Towers of the 1970s Cambridge Road estate
|Population||10,107 (2011 Census. Ward)|
|OS grid reference|
|Ceremonial county||Greater London|
|Sovereign state||United Kingdom|
|Post town||Kingston upon Thames|
|Postcode district||KT1, KT2|
Norbiton is an area within the Royal Borough of Kingston upon Thames, London. It lies approximately 1 mile (1.6 km) east of Kingston upon Thames town centre, and 11 miles (17.7 km) from Charing Cross. Its main landmarks include Kingston Hospital and Kingsmeadow football stadium, which is currently used for the home matches of both AFC Wimbledon and Chelsea F.C. Women. St Peter's Anglican parish church serves the area.
Its name was originally Norberton(e) and it was named in a similar way to Surbiton on the opposite side of the Hogsmill River. The origin of the place-name is from the Old English words north, bere and tun (meaning northern grange or outlying farm).
The area was originally a part of the parish of All Saints Church, Kingston upon Thames. In 1840 a separate Norbiton parish was created, with St Peter's Church built between 1840 and 1842 to a design of Gilbert Scott and William Moffatt.
Until the mid-nineteenth century much of Norbiton was made up of country estates, all since sold as housing land. These included:
Norbiton Hall, a manor from the 16th century. Residents included Richard Taverner, who lived there 1547–75 and Sir Anthony Benn, 1605–18. In 1829, the Surrey MP Charles Pallmer sold the estate to Mary, Countess of Liverpool, widow of the late prime minister Lord Liverpool. It was finally demolished in the 1930s to make way for a complex of flats, also called Norbiton Hall.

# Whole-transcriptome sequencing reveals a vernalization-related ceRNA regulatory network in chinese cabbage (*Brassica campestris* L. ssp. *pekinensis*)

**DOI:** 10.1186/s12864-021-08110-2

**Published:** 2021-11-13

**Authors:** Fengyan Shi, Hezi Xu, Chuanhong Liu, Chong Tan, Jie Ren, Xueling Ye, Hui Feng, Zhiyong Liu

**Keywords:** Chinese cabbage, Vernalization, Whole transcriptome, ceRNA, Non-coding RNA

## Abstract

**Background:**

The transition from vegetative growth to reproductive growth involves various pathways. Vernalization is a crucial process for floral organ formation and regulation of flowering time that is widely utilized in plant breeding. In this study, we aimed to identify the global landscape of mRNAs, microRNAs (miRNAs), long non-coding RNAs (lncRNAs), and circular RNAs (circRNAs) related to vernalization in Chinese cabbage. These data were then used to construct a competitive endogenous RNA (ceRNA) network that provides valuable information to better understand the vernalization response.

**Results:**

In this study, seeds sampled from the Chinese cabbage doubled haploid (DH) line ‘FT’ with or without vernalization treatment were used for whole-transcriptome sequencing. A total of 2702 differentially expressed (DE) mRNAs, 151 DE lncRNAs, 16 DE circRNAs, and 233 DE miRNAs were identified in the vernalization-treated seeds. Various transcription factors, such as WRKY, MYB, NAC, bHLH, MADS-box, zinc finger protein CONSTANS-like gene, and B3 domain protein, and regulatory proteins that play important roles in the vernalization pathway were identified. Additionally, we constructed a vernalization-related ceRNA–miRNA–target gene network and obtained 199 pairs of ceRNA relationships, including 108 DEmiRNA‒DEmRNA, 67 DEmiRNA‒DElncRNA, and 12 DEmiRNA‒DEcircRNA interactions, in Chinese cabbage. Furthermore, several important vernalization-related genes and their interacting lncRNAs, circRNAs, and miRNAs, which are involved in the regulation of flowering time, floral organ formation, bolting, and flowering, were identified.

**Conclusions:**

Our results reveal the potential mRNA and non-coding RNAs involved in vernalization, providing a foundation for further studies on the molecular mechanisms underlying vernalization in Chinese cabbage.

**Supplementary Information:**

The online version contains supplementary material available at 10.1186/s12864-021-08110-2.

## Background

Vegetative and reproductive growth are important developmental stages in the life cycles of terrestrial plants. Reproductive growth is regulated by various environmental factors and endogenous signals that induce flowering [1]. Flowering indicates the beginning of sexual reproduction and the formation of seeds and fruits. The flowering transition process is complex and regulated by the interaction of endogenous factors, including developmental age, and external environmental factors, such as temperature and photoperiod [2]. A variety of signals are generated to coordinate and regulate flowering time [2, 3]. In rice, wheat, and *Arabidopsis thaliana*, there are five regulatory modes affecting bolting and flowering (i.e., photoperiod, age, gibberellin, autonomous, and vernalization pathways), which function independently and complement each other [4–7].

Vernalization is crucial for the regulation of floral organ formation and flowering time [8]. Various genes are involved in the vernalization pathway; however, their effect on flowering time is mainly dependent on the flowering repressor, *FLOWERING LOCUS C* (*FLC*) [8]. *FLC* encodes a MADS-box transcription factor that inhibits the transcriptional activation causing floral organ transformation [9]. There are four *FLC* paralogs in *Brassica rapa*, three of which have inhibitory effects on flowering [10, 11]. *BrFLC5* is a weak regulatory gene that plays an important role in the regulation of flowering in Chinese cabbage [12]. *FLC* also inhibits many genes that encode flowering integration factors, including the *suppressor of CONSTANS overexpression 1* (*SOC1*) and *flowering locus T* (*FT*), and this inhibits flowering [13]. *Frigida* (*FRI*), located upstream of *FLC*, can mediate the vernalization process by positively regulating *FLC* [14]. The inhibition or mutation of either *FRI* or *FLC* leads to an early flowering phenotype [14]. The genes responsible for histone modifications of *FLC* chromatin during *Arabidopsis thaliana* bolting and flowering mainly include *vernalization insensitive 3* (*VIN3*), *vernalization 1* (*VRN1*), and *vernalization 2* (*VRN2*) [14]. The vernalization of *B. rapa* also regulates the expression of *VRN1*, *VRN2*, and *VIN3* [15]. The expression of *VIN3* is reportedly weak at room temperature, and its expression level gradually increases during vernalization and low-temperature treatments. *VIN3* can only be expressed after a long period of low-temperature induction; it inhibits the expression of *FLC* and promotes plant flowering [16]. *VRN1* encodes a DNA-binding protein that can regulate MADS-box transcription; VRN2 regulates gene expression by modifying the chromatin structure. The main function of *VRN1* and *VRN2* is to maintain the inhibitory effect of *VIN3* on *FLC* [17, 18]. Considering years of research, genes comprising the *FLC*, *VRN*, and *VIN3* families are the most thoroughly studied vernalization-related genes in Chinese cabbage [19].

Norbiton Place was bought by Sir John Philipps, who died here in 1764. One of the family's servants was Cesar Picton, an African slave brought to England aged six in 1761. He lived at Norbiton Place for nearly thirty years, before becoming a successful coal-merchant in Kingston.
In the early 1800s Norbiton Place became the main residence of Charles Pallmer, owner of neighbouring Norbiton Hall. Pallmer greatly developed the estate, including adding a dairy styled like an Indian temple and a lodge in the form of a doric temple. Living above his means, Pallmer was declared bankrupt in 1831. Much of the main house was pulled down after 1830, with St Peter's Church built on part of the grounds.
Norbiton's housing stock largely consists of large Victorian and Edwardian family houses, plus small localised brownfield redevelopments of 1960s, 1980s and modern flats. It contains more council and social housing than most other areas of Kingston – one of the largest such sites, the Cambridge Road Estate, was used as a fictional council estate in TV drama The Bill, as well as the BBC sitcom Some Girls. It is home also to Kingston Cemetery on Bonner Hill.
As Norbiton is only 25 minutes by train from Waterloo station, the suburban population includes a large concentration of London commuters. Norbiton railway station was used as a location for the British sitcom The Fall and Rise of Reginald Perrin. The headquarters of the Fire Brigades Union is located close to the station, on Coombe Road.
Education in Norbiton. See the main Royal Borough of Kingston upon Thames article.
Transport and locale
Nearest railway stations
- Norbiton railway station
- Kingston railway station
- Berrylands railway station
- New Malden railway station
- "Kingston Ward population 2011". Neighbourhood Statistics. Office for National Statistics. Retrieved 11 October 2016.
- Malden, H.E. (1911). A History of the County of Surrey: Volume 3. Victoria County History, London, 1911. pp. 501–516. Accessed 30 March 2020
- Prosser, G.F. (1828). Select Illustrations of the County of Surrey. Rivington, London. Accessed 9 April 2020
- Historic England. "Picton House, Kingston upon Thames (1080069)". National Heritage List for England. Retrieved 9 April 2020.
- "No. 18798". The London Gazette. 26 April 1831. p. 807.
- "St Peter's Church". Diocese of Southwark. Retrieved 3 June 2020.
- Lee, Sidney, ed. (1912). . Dictionary of National Biography (2nd supplement). 2. London: Smith, Elder & Co. pp. 604–616.
- Great Britain Historical GIS / University of Portsmouth, Kingston upon Thames London Borough. Retrieved 3 June 2020.